Without this capability and know-how, it is near impossible for a business to grasp if its blog content is striking the right tone and reaching the right audience, whether the site itself is functioning as it is meant to, or if users are ending up on the page(s) that are required for the site to be considered effective.
Even in the case of e-commerce sites – where a business has a clear indictor in sales to monitor success – there are still a number of issues created by not monitoring website performance. Are users finding the page they want? Or, are they dropping off before they reach the desired page to make a purchase? In this case, using the right tools to monitor a site could result in changes that help to substantially improves sales.
Unsurprisingly, there are a host of options online that claim to be the best tool for tracking users, viewing user activity and generally monitoring how a website is performing. But, for us, there are three tools that should be above all of the others.
It shouldn’t be a huge shock that first up, we have Google Analytics. Without a doubt, and for good reason, the most widely used monitoring tool available. Google analytics is able to provide in-depth and instant data on how a website is performing, where it is underperforming and a range of other features.
Some of our favourite data channels provided by Google Analytics include:
- Audience – The platform allows website managers to see where users are from, how old they are, their gender and even what they are interested in more generally. For example, sports, computers, food and drink and travel. Information like this is invaluable in terms of knowing if the right audience for the business in question is visiting the site.
- Acquisition – Another really useful feature. Google Analytics allows a business to monitor where its web traffic is from. So, at the end of a month for example, a business can see the percentage of users that found the site via organic search, paid search (Google Ads), and social media – which it breaks own into channels. It also lists if a user found the website directly or if they were referred from another website.
- Page Views – It sounds simple, but knowing what pages are and aren’t popular on your website is a great way to shape both content creation and google ads campaigns. If particular pages are of interest, a business owner may want to add something extra – like a contact link to help drive sales or new business.
- Behaviour – This is one of our favourite elements. A behaviour flow chart that shows exactly what users do when they land on a page. This shows where a user lands, where they go next and how high the websites bounce rate is. Once a business knows the direction a user moves in, it can help understand the potential client base.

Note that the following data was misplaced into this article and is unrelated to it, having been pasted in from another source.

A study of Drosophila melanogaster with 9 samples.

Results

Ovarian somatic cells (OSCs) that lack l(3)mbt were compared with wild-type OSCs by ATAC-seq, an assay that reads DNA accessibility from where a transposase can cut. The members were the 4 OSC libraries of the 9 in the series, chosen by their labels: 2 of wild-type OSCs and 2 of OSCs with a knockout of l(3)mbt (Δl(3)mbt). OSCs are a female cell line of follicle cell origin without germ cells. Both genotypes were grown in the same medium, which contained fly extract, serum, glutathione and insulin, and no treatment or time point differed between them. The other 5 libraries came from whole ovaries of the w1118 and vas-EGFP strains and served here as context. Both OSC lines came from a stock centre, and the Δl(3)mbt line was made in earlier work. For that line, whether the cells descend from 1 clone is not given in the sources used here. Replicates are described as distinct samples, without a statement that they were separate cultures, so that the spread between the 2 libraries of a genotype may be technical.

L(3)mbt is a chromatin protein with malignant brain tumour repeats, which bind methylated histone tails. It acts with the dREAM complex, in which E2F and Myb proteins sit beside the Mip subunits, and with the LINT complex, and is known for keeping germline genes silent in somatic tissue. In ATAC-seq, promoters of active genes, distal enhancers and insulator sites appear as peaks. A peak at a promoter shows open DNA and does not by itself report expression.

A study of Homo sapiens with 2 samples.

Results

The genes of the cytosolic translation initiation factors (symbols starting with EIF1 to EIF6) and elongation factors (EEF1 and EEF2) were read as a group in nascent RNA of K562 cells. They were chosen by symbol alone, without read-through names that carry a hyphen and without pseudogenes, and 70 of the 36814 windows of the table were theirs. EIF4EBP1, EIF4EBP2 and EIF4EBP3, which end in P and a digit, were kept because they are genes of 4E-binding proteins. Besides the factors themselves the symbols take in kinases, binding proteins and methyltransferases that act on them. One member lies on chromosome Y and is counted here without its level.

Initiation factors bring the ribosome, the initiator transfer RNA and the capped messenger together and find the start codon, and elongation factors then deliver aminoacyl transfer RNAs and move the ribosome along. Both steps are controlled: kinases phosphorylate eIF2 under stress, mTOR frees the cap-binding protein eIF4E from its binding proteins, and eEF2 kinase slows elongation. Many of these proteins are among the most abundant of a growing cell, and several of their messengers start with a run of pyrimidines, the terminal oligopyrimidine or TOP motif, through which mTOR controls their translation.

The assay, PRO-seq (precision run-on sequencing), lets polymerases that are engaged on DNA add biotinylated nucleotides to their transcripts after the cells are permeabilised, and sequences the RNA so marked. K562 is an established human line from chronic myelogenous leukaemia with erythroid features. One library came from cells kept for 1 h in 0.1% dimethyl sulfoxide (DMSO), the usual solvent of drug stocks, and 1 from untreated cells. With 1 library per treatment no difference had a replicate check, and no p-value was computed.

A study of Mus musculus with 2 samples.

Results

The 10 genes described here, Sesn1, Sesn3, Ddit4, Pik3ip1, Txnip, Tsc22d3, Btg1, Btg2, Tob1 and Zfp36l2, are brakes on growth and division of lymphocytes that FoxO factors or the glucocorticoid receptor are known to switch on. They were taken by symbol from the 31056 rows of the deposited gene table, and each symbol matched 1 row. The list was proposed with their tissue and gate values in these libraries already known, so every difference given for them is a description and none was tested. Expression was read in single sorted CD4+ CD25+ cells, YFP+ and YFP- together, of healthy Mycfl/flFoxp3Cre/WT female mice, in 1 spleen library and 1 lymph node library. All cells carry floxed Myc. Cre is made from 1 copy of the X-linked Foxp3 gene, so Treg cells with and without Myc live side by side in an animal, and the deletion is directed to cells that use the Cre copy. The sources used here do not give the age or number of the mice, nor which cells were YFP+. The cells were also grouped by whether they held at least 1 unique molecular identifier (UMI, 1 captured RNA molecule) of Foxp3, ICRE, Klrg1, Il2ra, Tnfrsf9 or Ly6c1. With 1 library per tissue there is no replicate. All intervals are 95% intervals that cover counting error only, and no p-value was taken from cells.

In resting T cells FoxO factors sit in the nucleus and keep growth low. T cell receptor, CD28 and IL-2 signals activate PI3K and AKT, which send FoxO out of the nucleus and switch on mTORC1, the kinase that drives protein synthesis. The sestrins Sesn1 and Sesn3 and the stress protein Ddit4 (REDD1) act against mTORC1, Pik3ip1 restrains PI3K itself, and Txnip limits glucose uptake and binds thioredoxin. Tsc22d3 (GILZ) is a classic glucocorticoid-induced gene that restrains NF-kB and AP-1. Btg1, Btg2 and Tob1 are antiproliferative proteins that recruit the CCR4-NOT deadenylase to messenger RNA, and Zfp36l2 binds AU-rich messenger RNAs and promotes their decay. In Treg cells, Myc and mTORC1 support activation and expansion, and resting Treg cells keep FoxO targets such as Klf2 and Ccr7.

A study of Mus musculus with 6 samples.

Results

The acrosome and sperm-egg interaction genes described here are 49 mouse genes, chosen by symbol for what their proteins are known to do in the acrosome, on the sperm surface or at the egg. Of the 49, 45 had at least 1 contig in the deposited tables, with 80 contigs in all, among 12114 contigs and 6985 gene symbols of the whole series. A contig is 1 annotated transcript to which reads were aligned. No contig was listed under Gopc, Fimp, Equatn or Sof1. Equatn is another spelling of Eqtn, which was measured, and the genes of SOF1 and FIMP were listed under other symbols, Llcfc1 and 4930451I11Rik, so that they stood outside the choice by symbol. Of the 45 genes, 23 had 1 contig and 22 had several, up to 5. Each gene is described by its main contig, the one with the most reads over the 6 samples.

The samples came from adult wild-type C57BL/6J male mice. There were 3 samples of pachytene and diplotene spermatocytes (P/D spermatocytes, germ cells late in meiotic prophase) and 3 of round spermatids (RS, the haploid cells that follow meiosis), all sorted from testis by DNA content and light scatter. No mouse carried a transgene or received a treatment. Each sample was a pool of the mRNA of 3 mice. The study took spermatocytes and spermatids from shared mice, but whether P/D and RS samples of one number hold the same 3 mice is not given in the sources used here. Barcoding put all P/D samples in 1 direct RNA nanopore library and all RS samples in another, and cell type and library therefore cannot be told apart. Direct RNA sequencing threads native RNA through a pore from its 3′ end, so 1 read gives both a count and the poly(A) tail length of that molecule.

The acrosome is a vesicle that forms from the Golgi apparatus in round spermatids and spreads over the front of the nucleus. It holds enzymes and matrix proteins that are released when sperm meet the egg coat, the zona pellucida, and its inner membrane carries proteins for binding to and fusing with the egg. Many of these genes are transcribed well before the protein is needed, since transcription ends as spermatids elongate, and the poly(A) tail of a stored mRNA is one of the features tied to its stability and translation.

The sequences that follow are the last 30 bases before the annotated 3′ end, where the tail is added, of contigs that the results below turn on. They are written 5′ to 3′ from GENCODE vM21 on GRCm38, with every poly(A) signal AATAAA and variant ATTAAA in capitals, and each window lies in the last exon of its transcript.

Another interesting aspect of Google Analytics is the ability to view real-time activity. So, for example, if a company has just put up a social media post to drive traffic to the website, the incoming users can be monitored. This helps the business know if what they are doing to drive traffic is effective.
Hotjar is a fantastic tool which focusses more on a users’ individual sessions on a website, and can be used very effectively in conjunction with Google Analytics.
The centrepiece of this tool is the ‘heatmap’ feature. This means that a web manager can see a heatmap of exactly where users have clicked on each page of a website, with red (or hot) areas showcasing where on a page is clicked the most – a great tool for monitoring the behaviour of users once they have reached a website. This is particularly good for homepages that contain multiple links.
Other highlights include video recording of users’ sessions, to see exactly what they are doing, form analysis, opinion polls (allowing the opportunity to ask users why they have or haven’t performed a particular action) and feedback options for users.
Google Search Console
Another tool from Google that we had to include is Google Search Console, and this one is all about a websites SEO.
Google Search Console is a free to use tool that gives an insight into what search terms users are using to find a website, whilst also helping to find and fix technical issues such as 404 errors and other page issues.
Anybody running or managing a website should seriously consider making use of this free tool, with other benefits including the ability to analyse website health, confirmation that google can crawl a site, a list of backlinks that exist to a website, the ability to analyse how mobile friendly each page on a website is, fixing indexing problems and loads more.
The Benefits of Using an Agency
The tools discussed above can be used to monitor websites by both experts and those who aren’t quite as savvy. However, when you have a professional agency such as WADEDIGITAL managing your website, we are accustomed to using these tools on a daily basis, we know the more obscure features and are well positioned to get the very best out of them.
In turn, the ability to properly monitor a website means being able to make the right changes to optimise a website – in terms of content, layout and SEO. So, if you feel we could help improve your digital presence, feel free to get in touch.